FEATURED AUTHOR: JOHN MOOT
ABOUT THE BOOK
Virtue explores the vulnerability and randomness of human existence through the lives of Tom and Hannah Holder, each of whom are grappling with midlife crises. Tom's life unravels as he fends off attacks on his career, faces his estranged, cancer-stricken father and confronts a dark, hidden past. Hannah-sick of being a stay-at-home and fearing for her troubled teenagers-chooses to reclaim her life and rescue her children from an increasingly toxic situation. Will their marriage survive the most tumultuous year of their adult lives?
Author: John Moot
Genre: family life fiction
Publisher: Roads End Books LLC (August 4, 2020)
Print length: 180 pages
EXCERPT FROM VIRTUE BY JOHN MOOT
This is a story about reclaiming your life.
Not that anyone one stole mine. I just lost who I’d wanted to be. I became a cloistered, frustrated mom despite having little patience for those women. Do something with your life if you don’t like it, I’d think to myself, when I saw a miserable one.
And then I became that person.
It crept up on me somehow. I went to work right after college at a bank in Boston, in a management training program, and kept at it for five years while Tom was getting his doctorate. I was the breadwinner as he sunk deeper into debt. (His estranged father wouldn’t help with tuition.) We even bought a small condo.
Not bad. I wanted to be a professional—unlike my mother, who stayed at home and drove me crazy, hovering like a helicopter in an age before such a thing existed—but the job was just moving money around. Big deal.
So, when Tom got offered a tenure-track gig in Maine, I was on board with the move. I could take a break, focus on the children, raise them in a small, nurturing community, and he could launch his career.
I didn’t think far enough ahead though. I knew it would be a challenge later on to get back into the workforce, particularly in rural Maine, but the bricks and mortar model of employment was disappearing. It was the new millennium and people worked in their pajamas!
Not everyone though, it turns out. Moms with no current, marketable skills could just stay unemployed in their pajamas.
I began to rot inside. I resented Tom for his success, his network of colleagues, and the self-esteem that came with it. And I repeated history, becoming the helicopter mom I loathed as a kid. My mind was atrophying, and my soul was thinning.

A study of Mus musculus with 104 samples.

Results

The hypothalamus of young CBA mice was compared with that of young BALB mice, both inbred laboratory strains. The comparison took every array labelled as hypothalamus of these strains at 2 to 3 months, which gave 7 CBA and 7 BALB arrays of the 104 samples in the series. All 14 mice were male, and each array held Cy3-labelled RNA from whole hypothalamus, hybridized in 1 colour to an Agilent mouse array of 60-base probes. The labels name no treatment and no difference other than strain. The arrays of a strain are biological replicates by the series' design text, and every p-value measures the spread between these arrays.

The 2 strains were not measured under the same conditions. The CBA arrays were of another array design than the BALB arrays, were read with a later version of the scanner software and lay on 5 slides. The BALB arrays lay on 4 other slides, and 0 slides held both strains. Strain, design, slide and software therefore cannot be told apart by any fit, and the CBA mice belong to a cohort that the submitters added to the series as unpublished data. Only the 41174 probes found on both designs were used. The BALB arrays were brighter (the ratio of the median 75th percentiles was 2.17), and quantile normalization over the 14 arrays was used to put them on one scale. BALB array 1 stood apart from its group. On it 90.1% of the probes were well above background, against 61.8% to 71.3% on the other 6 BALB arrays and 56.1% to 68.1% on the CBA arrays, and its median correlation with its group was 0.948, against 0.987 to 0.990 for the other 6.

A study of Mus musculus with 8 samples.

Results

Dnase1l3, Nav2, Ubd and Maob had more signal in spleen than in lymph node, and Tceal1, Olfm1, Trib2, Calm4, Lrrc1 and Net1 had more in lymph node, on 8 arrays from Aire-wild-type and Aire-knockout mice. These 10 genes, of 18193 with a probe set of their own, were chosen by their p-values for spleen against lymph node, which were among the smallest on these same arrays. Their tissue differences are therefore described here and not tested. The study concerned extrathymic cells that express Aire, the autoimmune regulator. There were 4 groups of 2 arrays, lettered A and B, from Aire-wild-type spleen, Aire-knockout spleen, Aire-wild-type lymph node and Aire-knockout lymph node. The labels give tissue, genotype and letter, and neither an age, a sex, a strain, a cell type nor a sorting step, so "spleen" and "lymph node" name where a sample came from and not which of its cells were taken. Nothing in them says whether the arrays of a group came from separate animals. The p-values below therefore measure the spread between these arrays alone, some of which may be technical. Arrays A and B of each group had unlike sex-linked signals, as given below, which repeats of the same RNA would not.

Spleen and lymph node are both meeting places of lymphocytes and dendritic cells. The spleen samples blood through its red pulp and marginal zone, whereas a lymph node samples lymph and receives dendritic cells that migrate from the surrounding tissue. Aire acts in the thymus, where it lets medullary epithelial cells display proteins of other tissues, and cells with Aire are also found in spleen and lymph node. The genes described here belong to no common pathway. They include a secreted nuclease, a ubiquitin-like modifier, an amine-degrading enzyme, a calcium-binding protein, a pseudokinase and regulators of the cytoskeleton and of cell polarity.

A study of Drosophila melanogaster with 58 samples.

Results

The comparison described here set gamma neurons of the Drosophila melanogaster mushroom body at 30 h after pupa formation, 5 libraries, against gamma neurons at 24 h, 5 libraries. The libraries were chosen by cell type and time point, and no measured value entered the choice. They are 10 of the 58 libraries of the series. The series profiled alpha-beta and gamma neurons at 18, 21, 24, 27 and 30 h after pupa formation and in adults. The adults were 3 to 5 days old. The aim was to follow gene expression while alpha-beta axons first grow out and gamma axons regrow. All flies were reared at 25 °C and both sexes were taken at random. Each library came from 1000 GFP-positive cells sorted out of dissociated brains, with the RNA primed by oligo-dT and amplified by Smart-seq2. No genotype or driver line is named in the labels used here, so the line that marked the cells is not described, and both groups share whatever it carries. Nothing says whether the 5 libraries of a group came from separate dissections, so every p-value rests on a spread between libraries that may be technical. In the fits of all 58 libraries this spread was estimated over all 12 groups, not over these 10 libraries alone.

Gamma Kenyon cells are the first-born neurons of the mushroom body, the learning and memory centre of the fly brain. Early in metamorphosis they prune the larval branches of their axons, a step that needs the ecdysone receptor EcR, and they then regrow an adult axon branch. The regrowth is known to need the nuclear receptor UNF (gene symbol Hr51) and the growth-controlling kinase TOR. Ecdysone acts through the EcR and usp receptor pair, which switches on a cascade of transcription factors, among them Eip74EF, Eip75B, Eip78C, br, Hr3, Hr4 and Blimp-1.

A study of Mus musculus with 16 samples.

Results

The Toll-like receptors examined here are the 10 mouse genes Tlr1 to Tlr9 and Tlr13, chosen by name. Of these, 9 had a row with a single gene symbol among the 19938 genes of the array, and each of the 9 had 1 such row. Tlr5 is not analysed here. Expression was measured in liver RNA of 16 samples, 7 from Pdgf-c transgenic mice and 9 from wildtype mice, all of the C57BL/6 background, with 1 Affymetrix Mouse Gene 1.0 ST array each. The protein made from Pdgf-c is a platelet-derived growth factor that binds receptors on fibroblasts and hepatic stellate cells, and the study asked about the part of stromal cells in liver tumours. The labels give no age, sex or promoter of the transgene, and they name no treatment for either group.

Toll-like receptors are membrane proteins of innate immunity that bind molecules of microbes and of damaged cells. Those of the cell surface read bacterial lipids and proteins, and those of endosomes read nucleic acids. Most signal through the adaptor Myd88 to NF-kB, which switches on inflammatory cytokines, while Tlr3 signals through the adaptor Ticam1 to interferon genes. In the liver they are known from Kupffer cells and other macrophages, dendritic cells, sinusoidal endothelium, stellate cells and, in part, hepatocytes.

Then Trump got elected. It shouldn’t have taken that to snap me out of my funk, but it did. Women started marching, getting involved, and getting elected. I couldn’t stay on the sidelines anymore, continue to let my mind and talent go to waste. Political activism wasn’t my thing—I’d been a lifelong Northeastern Republican until Trump, when I switched to Independent—but I wanted to do something that meant something.
Don’t laugh but I decided I wanted to take the LSAT. The law has power, and power can help people. Like using my motherly passion to help women keep custody of their kids and fight off abusers. I wasn’t out to save the world, but maybe my work could benefit the lives of a few people.
I nervously approached Tom in early 2017 about going back to school and moving back to Boston. I didn’t want him to think I was unhappy, even though I was, and I worried he’d resist, knowing that my idea would uproot our lives. He was supportive in words, but his distant, reticent eyes told a different story. He was confused, didn’t know what was happening. Probably thought he was losing the person he knew. Little did he know she was already gone.
But then he had an idea of his own—write a book—and we figured out how to meld the two. The book might give him a better chance to find a position back in Boston, and I could start planning the next phase of my life.
That’s where this story starts. I was cramming for the LSAT, which was in mid-September 2017, and was as excited as I was scared. I had no clue whether I had an aptitude for the law, whatever that meant. I didn’t want to make a fool of myself.
And then my plan slowly went off the rails.
ABOUT THE AUTHOR
John left his east coast law practice in 2017 and moved west to marry his longtime sweetheart, Lara Skidmore, but she was soon stricken with cancer and died. Her undying love and inspiration drove him to write Virtue and dedicate it to her. He lives on Lake Oswego, Oregon, with his two dogs and represents domestic violence victims pro bono.